Father holding child's hand

4 Things Fatherhood Taught Me About Healthcare Experiences

At MJM, we work with many healthcare practices and vendors and one of our primary roles in this work is researching, understanding and improving the patient experience. For a vast majority of patients, the quality of their overall experience is just as important to their satisfaction as the quality of the medical care provided. It’s remarkable that at the end of 2015, most healthcare practices still focus so little on creating the best possible patient experience. Practices that want to grow in 2016 will be wise to deeply understand the experience their patients are having with their staff, building, and processes.

Being a father for two young children has taught me many valuable lessons that translate to great experiences in healthcare. Here are four of those lessons, which any healthcare practice can use to consider new staff training, tactics and patient touchpoints:

1. Build and honor trust

Children have an intrinsic trust in their parents, that they will do what’s best, provide safety, and offer comfort. As a father, I’ve learned that such trust is a fragile thing and that building and honoring this trust requires daily work. Maintaining trust with children creates space for them to grow, make decisions and be honest about their feelings and concerns.

Patients often enter a healthcare practice fearful of what they may find out. They can be scared, unsure, and anxious about learning bad news or making big decisions around their health. Doctors and staff that focus on building and honoring the trust of their patients create invaluable space for healthy patient experiences. And patients who have their trust honored become lifelong fans and champions of the practice.

Much like parenting, the skills required to build and honor trust are time and listening. Honor the time of your patients, be present with them and listen to what they are communicating both verbally and non-verbally.

2. Create space for asking questions

One thing every parent craves is the discovery of the right environment for their kids to open up and discuss the thoughts, questions and concerns deep in their minds and hearts. It can be a different environment for each child—a long car ride, laying in bed at night, going for a walk or playing with stuffed animals. A key to finding that space for conversation is awareness and openness to your child, leaving time and opportunity for them to share, ask and talk.

Too many times in healthcare, the urgency of getting a patient through the clinic schedule reduces or eliminates any chance of our staff members creating space to truly listen to the patient. Beyond the occasional (and obligatory) “Any questions?” the process is actually structured to reduce the time each patient spends in each room. Without the space for conversation, practices lose much of their opportunity to really connect with patients, understand their fears and goals and best meet their needs.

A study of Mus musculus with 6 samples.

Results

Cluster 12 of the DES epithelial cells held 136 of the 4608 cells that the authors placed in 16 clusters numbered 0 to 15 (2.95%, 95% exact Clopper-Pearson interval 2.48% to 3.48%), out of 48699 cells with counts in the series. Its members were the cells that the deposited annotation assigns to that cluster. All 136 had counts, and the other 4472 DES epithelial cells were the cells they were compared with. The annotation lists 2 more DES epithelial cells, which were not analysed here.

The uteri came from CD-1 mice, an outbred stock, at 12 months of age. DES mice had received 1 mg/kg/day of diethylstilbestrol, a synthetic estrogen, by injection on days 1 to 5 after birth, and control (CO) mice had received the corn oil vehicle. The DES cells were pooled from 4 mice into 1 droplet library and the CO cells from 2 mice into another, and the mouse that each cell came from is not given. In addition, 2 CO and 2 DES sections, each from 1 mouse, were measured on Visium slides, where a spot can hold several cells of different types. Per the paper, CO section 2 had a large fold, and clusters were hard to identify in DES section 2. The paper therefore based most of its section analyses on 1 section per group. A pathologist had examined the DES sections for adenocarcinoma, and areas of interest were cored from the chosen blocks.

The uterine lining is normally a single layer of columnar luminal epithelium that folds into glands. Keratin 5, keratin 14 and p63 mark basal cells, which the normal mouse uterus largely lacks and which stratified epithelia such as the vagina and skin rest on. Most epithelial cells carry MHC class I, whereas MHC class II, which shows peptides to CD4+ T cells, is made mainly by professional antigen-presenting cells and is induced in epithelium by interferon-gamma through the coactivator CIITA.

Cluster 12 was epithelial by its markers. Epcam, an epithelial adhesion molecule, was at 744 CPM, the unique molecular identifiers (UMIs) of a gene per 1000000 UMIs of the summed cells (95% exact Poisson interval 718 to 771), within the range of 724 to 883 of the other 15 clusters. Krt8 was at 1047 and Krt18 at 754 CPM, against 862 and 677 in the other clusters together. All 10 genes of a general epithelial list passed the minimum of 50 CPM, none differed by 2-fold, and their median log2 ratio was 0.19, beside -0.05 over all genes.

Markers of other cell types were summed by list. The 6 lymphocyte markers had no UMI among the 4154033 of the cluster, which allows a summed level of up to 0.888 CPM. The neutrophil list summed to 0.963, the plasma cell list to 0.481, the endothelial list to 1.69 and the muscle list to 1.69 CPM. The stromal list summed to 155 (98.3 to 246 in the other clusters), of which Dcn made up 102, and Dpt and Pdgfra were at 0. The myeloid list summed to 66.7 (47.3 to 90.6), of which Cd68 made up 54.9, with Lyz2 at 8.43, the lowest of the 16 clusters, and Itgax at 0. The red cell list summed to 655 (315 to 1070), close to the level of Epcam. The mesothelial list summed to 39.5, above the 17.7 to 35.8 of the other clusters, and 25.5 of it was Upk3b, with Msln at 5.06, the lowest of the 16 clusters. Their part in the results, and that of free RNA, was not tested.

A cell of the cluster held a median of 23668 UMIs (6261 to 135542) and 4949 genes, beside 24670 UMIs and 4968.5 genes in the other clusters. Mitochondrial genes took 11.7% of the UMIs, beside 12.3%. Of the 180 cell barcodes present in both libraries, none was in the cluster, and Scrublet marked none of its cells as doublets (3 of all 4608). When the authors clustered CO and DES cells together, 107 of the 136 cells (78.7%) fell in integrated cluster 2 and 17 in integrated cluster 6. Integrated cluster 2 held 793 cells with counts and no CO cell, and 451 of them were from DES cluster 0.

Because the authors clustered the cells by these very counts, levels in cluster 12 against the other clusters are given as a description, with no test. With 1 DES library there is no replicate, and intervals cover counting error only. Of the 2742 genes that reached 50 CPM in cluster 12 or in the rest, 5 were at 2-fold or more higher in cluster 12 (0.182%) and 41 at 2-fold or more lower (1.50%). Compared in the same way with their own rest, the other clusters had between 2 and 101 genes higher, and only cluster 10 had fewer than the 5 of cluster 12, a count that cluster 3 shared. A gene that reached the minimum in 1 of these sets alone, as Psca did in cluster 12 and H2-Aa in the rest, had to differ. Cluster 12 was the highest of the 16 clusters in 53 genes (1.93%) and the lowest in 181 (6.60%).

As a father, I’ve found that I need to create specific times and cues to slow down, make space and listen deeply. Healthcare staff members likewise need to create cues during patient visits to slow down, connect, and listen.

3. Use language that the listener understands

We don’t expect young children to understand the exact language explanations of politics, sports, car repairs or why they can’t eat candy for every meal. Yet, healthcare staff often forget that their patients don’t have the knowledge or training to understand much of the language used during consultations.

Studies have shown that when patients feel overwhelmed by or don’t understand what they’re being told, they simply shut down and quit engaging the conversation. That’s unhealthy and dangerous for both the practice and the patient.

Much like being a parent, practices should constantly be aware of the language they are using and prepared to explain in more general terms what is happening with the patient. Practices should role play this often and create a list of phrases and language they use that will be challenging for patients to understand.

4. Know when to make a personal recommendation

As a parent, you know that you will need to make decisions and rules for your kids, especially when they are young. Yet, you also try to create space for them to make their own decisions and live with the results. This is an important part of growing up and functioning as an adult.

When people come to their doctor, they are looking for guidance in making big health decisions. More than ever before, doctors need to be prepared to offer a personal recommendation for a care plan for each patient. This plan should take into consideration all that they’ve learned about each patient.

On this point, the worlds of parenting and healthcare come together—doctors and staff should be doing their best to make recommendations to each patient as if they were part of their family. What would you recommend if it were your son? Your sister? Your father or mother? This kind of personalized, deeply committed care makes a world of difference in providing the patient with an experience to share with others.

Parenting has much to teach us about growing in our skills of listening, creating space, and personalizing care for healthcare patients. Let’s make this the year we truly focus on improving the patient experience across all of healthcare.